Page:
Emuna People

What does it mean to live an emuna-based way of life? To those who are skeptical, a life based on faith might be viewed as a lifestyle adopted by those who are looking for an excuse to not strive and sweat and work like the rest of the world to accomplish goals and contribute to society. People of deep faith in G-d may be viewed as a sort of a drop-out culture that bow out of life and simply hand everything over for G-d to do.  “It’s all in G-d’s Hand’s anyway so why try to make a living, or to stand up for your rights in court, or to try to achieve anything on your own. At the end of the day, G-d’s going to do whatever He wants to do anyway.” The truth is that emuna-people do abdicate their lives to G-d, but not in the way that the emuna-skeptics think.

Emuna people set goals for themselves like everybody else, and they also strive to fulfill their goals with lots of determination. The difference between people with emuna and people without emuna is that people with emuna will postpone or even drop the pursuit of something that was important to them when they get a “message” to do so. That doesn’t mean they stop making effort, it means making an effort in a different direction. It might mean that after making a reasonable effort to open “door # 1” to no avail, you continue down the hall to “door # 2” and enter through there.  It may be that after entering easily though “door # 2” that you’ll discover another hallway (that you wouldn’t have thought of on your own) that also leads you to “door # 1” that is now already open and waiting for you.

Someone may have “decided” when she was young that she wanted to have a big family, but after she was married the kids were not materializing in her life, once a year, as she implicitly demanded that they must. Her limiting belief that having 10 kids was the only way to be happy was now making her depressed because she was only blessed with five. Now in her forties, she commits herself to making herculean efforts to further fill her nest by undergoing numerous in-vitro procedures, and in the process, she depletes herself emotionally and financially and puts a huge strain on her marriage.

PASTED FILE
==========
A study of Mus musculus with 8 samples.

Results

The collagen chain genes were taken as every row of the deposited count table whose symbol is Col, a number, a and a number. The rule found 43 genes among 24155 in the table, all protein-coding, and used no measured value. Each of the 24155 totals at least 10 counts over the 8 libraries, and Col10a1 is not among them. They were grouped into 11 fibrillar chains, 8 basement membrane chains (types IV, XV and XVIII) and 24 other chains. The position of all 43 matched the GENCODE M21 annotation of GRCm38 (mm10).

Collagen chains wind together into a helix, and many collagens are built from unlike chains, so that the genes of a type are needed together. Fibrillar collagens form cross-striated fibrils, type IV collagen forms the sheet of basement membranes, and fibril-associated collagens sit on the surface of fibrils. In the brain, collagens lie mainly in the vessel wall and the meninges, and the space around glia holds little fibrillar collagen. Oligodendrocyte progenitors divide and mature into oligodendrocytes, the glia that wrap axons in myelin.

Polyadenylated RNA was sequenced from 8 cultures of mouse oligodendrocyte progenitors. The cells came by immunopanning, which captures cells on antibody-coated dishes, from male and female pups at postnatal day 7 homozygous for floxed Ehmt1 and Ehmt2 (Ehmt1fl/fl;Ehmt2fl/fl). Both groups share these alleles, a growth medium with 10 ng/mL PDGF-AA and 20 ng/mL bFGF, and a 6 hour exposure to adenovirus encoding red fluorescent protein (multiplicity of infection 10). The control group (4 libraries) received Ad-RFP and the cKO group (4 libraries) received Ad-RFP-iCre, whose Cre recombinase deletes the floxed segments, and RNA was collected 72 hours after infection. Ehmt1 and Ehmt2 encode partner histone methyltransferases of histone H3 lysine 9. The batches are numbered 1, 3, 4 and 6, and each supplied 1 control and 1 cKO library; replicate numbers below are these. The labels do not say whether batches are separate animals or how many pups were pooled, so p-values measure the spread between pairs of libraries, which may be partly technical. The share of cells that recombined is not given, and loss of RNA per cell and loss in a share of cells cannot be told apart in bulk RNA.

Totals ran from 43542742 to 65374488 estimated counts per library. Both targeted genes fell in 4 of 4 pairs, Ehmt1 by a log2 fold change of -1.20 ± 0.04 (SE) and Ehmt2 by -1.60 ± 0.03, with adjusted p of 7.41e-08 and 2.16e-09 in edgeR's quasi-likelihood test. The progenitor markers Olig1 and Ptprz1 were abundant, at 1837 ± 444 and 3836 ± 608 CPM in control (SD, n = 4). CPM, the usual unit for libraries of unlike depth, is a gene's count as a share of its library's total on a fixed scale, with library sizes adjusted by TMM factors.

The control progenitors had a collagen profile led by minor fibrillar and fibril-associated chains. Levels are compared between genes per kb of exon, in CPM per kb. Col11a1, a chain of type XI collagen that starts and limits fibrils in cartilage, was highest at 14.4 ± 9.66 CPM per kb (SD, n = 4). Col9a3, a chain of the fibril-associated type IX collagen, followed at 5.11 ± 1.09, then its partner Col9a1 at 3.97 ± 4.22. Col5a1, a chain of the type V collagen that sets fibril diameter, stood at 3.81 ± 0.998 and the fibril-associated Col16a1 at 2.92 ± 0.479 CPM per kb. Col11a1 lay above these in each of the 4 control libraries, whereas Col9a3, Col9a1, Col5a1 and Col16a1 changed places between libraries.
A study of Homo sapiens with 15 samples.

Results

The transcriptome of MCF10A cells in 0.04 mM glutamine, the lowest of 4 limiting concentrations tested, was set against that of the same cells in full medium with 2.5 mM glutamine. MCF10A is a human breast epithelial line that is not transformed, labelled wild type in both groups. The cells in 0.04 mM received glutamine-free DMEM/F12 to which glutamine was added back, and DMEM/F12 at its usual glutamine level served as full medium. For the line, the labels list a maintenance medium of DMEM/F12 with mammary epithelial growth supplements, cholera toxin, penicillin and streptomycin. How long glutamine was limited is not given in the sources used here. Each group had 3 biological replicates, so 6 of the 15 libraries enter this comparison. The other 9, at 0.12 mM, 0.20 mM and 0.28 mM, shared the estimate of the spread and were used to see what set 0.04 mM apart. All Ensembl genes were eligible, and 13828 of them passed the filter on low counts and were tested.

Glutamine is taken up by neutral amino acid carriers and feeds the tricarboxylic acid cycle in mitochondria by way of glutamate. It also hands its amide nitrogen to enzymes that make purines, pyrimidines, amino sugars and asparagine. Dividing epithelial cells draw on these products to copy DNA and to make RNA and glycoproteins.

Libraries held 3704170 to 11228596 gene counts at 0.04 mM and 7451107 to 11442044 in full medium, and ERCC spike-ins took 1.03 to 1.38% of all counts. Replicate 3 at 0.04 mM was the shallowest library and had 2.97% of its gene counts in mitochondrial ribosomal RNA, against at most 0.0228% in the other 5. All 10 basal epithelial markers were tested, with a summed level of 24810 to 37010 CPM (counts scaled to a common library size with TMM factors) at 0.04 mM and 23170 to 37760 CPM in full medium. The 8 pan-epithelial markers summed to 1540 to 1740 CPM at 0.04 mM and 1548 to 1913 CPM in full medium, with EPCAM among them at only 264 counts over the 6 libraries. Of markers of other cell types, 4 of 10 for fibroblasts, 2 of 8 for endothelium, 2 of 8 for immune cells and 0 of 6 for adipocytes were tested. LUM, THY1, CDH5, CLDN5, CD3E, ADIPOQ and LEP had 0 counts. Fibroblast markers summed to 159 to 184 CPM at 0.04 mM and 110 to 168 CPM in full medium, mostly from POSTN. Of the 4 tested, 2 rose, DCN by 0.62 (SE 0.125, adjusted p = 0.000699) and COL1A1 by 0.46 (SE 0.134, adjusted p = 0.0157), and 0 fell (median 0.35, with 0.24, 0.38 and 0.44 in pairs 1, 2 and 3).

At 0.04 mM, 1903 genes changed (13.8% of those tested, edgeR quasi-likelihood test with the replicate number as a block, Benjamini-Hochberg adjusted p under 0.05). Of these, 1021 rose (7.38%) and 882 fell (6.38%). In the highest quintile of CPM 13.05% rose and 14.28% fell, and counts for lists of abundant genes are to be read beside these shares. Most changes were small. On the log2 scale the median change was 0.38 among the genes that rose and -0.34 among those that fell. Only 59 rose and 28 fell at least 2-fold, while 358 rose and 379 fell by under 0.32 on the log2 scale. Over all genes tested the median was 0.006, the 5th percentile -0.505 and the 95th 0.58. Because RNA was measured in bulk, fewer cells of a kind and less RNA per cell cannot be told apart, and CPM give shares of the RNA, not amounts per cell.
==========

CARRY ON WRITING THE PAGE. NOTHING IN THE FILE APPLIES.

To the believing person - the person with emuna - it’s not conceivable that G-d would only give a person one way to be happy. Who said that a person needs children to be happy? When emuna-people start feeling themselves getting boxed in by thinking that they need a certain number of children to be happy or a certain amount of money in the bank to be happy or that they can only be happy at a certain weight or without blemishes on their legs or with a certain shaped nose – that’s when they stop striving and sweating and working like the rest of the world to get what they want no matter what.

On the contrary, when emuna-people pick up on that first split-second pang of negative emotion they take it as a signal from Above to drop down into a spiritual aikido stance and thank G-d for the chance to win another big match. With spiritual dexterity and slight-of-hand, an emuna-person turns the skeptics “losing strategies” into winning strategies with great speed and grace.

Here’s an example…

Joe says to his friend John: “You have to sue that guy…he cheated you…get a lawyer and sue him…don’t be a sucker…you’ve got to make him pay for what he did to you,” says Joe (the skeptic).  But the emuna-person (John) might say, “No thanks Joe, all this is coming from G-d for my own good and I’ve got better things to do with my time than spend it with lawyers, and judges and running around courthouses.  Instead of spending the next five years in litigation people like John may “take the hit” and use the opportunity to get closer to G-d by praying more, or learning more, or spending more quality time with the family. To the emuna-person there is no greater waste than wasting priceless moments of life severed from the pursuits that are closest to his heart. Emuna-skeptics might call that “bowing out of life” but we call it embracing what’s most precious in life.

All skeptics suffer from some level of fear and perhaps cowardice. It’s much easier to say “I’ve already tried everything and nothing works” than it does to say “It’s impossible that I’ve tried everything…only G-d can try everything!” When the skeptic says he’s tried everything he’s making an excuse to do nothing. Emuna-skeptics are unfortunately alienated from themselves and their life-purpose because beneath their skepticism they too have faith - everybody does - but because they lack conscious trust in G-d and His way of life, they drive themselves into health problems and money problems and rates of suicide and divorce that far exceeds that of people who spend their lives cultivating faith.

Emuna people, work hard but don’t make implicit "demands” on G-d that they succeed. They are able to accept that not all of their goals were meant to be reached.  They believe that life is not just about getting the things that they once felt were essential, it’s about who they become as they pursue their goals.